June 14, 2002|GRAHAME L. JONES | TIMES STAFF WRITER

SUWON, South Korea — There are not many coaches in the world who would complain after winning a game, 5-2, but then again, there are not many coaches in the world like Luiz Felipe Scolari.

Scolari, Brazil's taciturn and sometimes terse mentor, was angered Thursday by Brazil's defensive shortcomings even as it demolished Costa Rica in a seven-goal treat that was a throwback to soccer's wide-open days of old.

"It reminded me of the Brazil-versus-Peru game in 1970, two teams playing with similar styles to this, a great game, lots of goals," said Alexandre Guimaraes, Costa Rica's Brazilian-born coach.

But "Big Phil," as Scolari is known, was not as easily entertained. Even as Brazil was scoring goals with ease and apparently at will, he was standing on the sideline, furiously signaling his defenders and midfielders.

Afterward, when Brazil had joined Spain as the only two teams so far to advance to the second round with 3-0 records, Scolari talked of "mistakes" and "problems" rather than goals of glorious variety and profusion.

"We are making mistakes and we know what those mistakes are," he said. "We give chances to the opponent, but this will be worked on. They are problems we know about. We know our strengths and weaknesses."

It was a game that flowed from beginning to end.

The final score might just as easily have been 7-5.

There were chances aplenty at both ends and the woodwork was rattled by shots that were mere inches off target.

Brazil jumped out to a lead in the 10th minute with the first of two goals in a span of three minutes by Ronaldo, who has four in the tournament. The first goal, which came after a surging run, originally had been ruled an own goal but was overturned after a FIFA review. Edmilson's goal in the 38th minute made it 3-0.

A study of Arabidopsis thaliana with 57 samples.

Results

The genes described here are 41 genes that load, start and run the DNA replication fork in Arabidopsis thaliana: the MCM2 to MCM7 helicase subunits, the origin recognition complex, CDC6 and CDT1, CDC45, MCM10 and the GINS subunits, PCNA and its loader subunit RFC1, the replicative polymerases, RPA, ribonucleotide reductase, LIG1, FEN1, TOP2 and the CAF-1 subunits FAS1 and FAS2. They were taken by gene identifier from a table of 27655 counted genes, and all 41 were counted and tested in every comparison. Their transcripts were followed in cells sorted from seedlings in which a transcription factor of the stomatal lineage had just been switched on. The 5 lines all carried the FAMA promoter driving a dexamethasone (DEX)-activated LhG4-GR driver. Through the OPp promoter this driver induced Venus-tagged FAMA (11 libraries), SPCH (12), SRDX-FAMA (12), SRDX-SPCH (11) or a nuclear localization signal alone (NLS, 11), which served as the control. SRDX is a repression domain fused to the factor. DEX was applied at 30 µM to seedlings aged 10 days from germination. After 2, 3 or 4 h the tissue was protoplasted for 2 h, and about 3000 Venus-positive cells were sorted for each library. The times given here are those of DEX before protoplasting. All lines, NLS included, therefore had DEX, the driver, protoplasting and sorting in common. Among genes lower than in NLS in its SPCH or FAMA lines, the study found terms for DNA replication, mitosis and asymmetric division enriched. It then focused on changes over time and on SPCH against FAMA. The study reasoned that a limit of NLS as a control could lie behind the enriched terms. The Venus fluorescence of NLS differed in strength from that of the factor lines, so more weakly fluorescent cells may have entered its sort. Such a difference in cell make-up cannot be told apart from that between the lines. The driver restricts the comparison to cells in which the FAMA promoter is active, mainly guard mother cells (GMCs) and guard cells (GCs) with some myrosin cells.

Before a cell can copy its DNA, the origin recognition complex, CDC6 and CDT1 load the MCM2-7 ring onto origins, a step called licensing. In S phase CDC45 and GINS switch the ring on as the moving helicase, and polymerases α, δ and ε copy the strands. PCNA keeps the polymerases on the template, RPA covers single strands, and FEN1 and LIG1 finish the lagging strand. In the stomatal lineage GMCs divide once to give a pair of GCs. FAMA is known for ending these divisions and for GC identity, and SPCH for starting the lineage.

Costa Rica was creating chances of its own but was hurt by poor finishing. Finally, in the 39th minute, Paulo Wanchope cut into the deficit. Eleven minutes into the second half Ronald Gomez made it 3-2.

The Brazilians replied by shifting up a gear, and goals by Rivaldo and Junior two minutes apart were enough to send Costa Rica spinning out of the tournament.

But Guimaraes was undismayed, choosing instead to see the positives rather than the negatives in what had been a fine advertisement for attacking soccer.

"Anyone could have played for the tie [that would have put Costa Rica into the final 16]," he said. "But we didn't want to do this. We wanted to show that we are good enough to compete and play our own game."

Brazil, meanwhile, stays on track for the record fifth World Cup it is seeking. With France and Argentina eliminated and other teams struggling, Brazil is now the favorite to reach and probably win the final on June 30.

But Scolari isn't conceding anything.

"I understand that people see us as favorites, but we do not consider ourselves as such," he said. "I keep telling the players to be humble, that we need to go step by step. The next stage will be hard and we are preparing for that."

Once a curmudgeon, always a curmudgeon.